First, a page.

Steve Mnuchin jet request only the start of White House ethics issues

Steve Mnuchin’s career in the financial world was often cited as among his qualifications for secretary of Treasury. Possibly less well known is his experience as an executive producer of big Hollywood movies.  But what is his most randomly ironic experience is his one acting credit in a small role in last year’s major film, “Rules Don’t Apply.”

While about Howard Hughes, the tile would also be the perfect title for a film about the Trump administration’s approach to ethics, and Mnuchin would have a larger role.


But this was not an isolated incident for Mnuchin. Treasury’s inspector general is reportedly looking into Mnuchin’s use of a government aircraft for a trip he and his wife took in August to Fort Knox, Ky, which turned out to be a great place for them to view the full eclipse of the sun.

To make matters worse, Louise Linton posted a picture of herself on Instagram getting off the plane with hashtags for the clothing brands she was wearing. When someone criticized her, she responded, “Do you think the US govt paid for our honeymoon or personal travel?! Lololo.”

What made her response so AO&D (absurdly obnoxious & dishonest) was that her husband had already tried and failed to get the government to provide a plane for their honeymoon travel, which seems to fit the definition of a personal trip. It seems Mnuchin and Linton do not quite get the concept that government resources are not for their personal use.

If these were isolated instances involving one cabinet official, it would be worthy of our concern.  But, unfortunately, these were not isolated events. They are part of a seemingly endless torrent of ethics issues coming out of the Trump administration.

President Trump set the ethics tone for his administration, starting with his refusal to release his tax returns or divest himself of his business interests. Prior to taking office, he held a press conference, complete with stacks of files as props, to announce he would put his business interests in a trust run by his children. But it is a relatively meaningless trust which does little to separate himself from his businesses.

Then, rather than showing sensitivity for concerns about his conflicts of interest, he has made every effort to use the presidency to promote Trump properties, including regularly visiting the Trump International Hotel, where representatives of foreign governments pay to stay, and spending weekends at Mar-a-Lago, the southern White House, meeting with foreign officials and interacting with paying members of the resort.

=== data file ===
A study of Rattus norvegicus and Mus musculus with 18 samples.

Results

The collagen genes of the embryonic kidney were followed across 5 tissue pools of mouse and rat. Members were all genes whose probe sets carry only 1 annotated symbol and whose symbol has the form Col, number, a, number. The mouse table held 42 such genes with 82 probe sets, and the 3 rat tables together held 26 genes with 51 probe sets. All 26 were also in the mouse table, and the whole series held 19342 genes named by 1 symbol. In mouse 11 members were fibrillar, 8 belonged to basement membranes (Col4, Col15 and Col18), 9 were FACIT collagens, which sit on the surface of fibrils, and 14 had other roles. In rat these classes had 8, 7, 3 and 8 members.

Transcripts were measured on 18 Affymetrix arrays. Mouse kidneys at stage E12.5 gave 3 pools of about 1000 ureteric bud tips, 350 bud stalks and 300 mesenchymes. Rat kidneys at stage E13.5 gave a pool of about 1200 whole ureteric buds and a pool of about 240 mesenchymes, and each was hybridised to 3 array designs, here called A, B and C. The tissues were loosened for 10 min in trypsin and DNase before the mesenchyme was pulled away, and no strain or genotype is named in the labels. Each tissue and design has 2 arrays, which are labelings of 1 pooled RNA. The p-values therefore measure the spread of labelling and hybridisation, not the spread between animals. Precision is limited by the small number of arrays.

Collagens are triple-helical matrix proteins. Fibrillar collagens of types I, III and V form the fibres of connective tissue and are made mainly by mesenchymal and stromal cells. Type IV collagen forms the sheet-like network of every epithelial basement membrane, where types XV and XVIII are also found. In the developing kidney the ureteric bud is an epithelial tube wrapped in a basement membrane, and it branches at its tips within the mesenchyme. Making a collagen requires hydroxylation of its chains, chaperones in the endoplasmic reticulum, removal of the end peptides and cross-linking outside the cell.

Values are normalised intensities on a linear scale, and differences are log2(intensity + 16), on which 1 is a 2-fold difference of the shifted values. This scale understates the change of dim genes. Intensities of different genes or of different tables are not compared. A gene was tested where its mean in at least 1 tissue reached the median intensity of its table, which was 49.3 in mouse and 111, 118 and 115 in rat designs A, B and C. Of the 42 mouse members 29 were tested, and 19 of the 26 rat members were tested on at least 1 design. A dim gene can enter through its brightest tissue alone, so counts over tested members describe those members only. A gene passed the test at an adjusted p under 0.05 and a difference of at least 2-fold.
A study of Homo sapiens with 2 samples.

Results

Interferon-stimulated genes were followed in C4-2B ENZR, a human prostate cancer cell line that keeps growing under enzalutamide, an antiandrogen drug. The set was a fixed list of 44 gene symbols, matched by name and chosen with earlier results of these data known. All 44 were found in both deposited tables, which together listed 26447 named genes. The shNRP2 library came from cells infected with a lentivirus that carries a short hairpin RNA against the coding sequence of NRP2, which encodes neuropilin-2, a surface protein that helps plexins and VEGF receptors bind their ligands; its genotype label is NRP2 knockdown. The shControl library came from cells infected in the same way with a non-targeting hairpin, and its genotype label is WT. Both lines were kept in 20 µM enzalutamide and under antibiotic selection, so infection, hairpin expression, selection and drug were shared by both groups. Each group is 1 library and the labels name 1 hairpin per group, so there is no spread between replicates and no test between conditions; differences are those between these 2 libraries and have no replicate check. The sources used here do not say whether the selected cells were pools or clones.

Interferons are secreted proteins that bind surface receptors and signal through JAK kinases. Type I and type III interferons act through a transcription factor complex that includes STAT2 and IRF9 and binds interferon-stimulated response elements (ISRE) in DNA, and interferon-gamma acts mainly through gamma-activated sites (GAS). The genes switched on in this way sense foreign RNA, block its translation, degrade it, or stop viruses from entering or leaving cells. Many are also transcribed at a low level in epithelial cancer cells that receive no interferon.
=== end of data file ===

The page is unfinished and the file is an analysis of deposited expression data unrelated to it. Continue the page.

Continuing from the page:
Not only will he profit from any increased business, some of the business is coming from the Secret Service, who use our taxpayers to pay for the space they need to protect him.

With these and many other actions, he is creating an ethical culture in which there are no conflicts of interest. Rather, self-interest is the only interest. It is this culture that allows people like Secretary Mnuchin to act as if they are not concerned with whether their actions conform to ethical norms, but only with what they can get away with. And, Mnuchin is far from alone.  

For example, according to reports, Scott PruittEdward (Scott) Scott PruittOvernight Regulation: Net neutrality supporters predict tough court battle | Watchdog to investigate EPA chief's meeting with industry group | Ex-Volkswagen exec gets 7 years for emissions cheating Overnight Energy: Watchdog probes Pruitt speech to mining group | EPA chief promises to let climate scientists present their work | Volkswagen manager gets 7 years for emissions cheating Scott Pruitt's year of environmental destruction MORE, head of the Environmental Protection Agency, billed the government for numerous questionable trips to Oklahoma, while other government officials promote private businesses and nepotism norms are ignored.

The lack of concern for ethics norms not only enriches government officials, but can result in policies that serve special interests and not the American people. Despite promises to drain the swamp, an analysis by the New York Times and ProPublica, found that administration positions are being filled “with former lobbyists, lawyers and consultants who in many cases are helping to craft new policies for the same industries in which they recently earned a paycheck.”

Ethics rules and norms are part of the foundation of democracy. When the public believes leaders are motivated by self-interest and not public interest, faith in government decisions is eroded, no matter how well founded those decisions may be. That damage to the belief in the integrity of the government can become so extensive that the democracy itself is undermined. We have not yet reached that point (I hope), but we are on that path.

President Trump needs to understand that, unlike any other job he has held, the presidency is not about what is best for him. It is a job where the only interest is the public interest. Unfortunately, this seems like a hard concept for him to grasp. But that is why we have to continue to fight the current ethics culture becoming the norm by calling out attempts, like those of Steve Mnuchin, to use government resources for personal benefit. In the end, we have to show Rules Do Apply, even to the Trump administration.

Larry Noble is a senior director and general counsel of the Campaign Legal Center. He was general counsel of the Federal Election Commission from 1987 to 2000.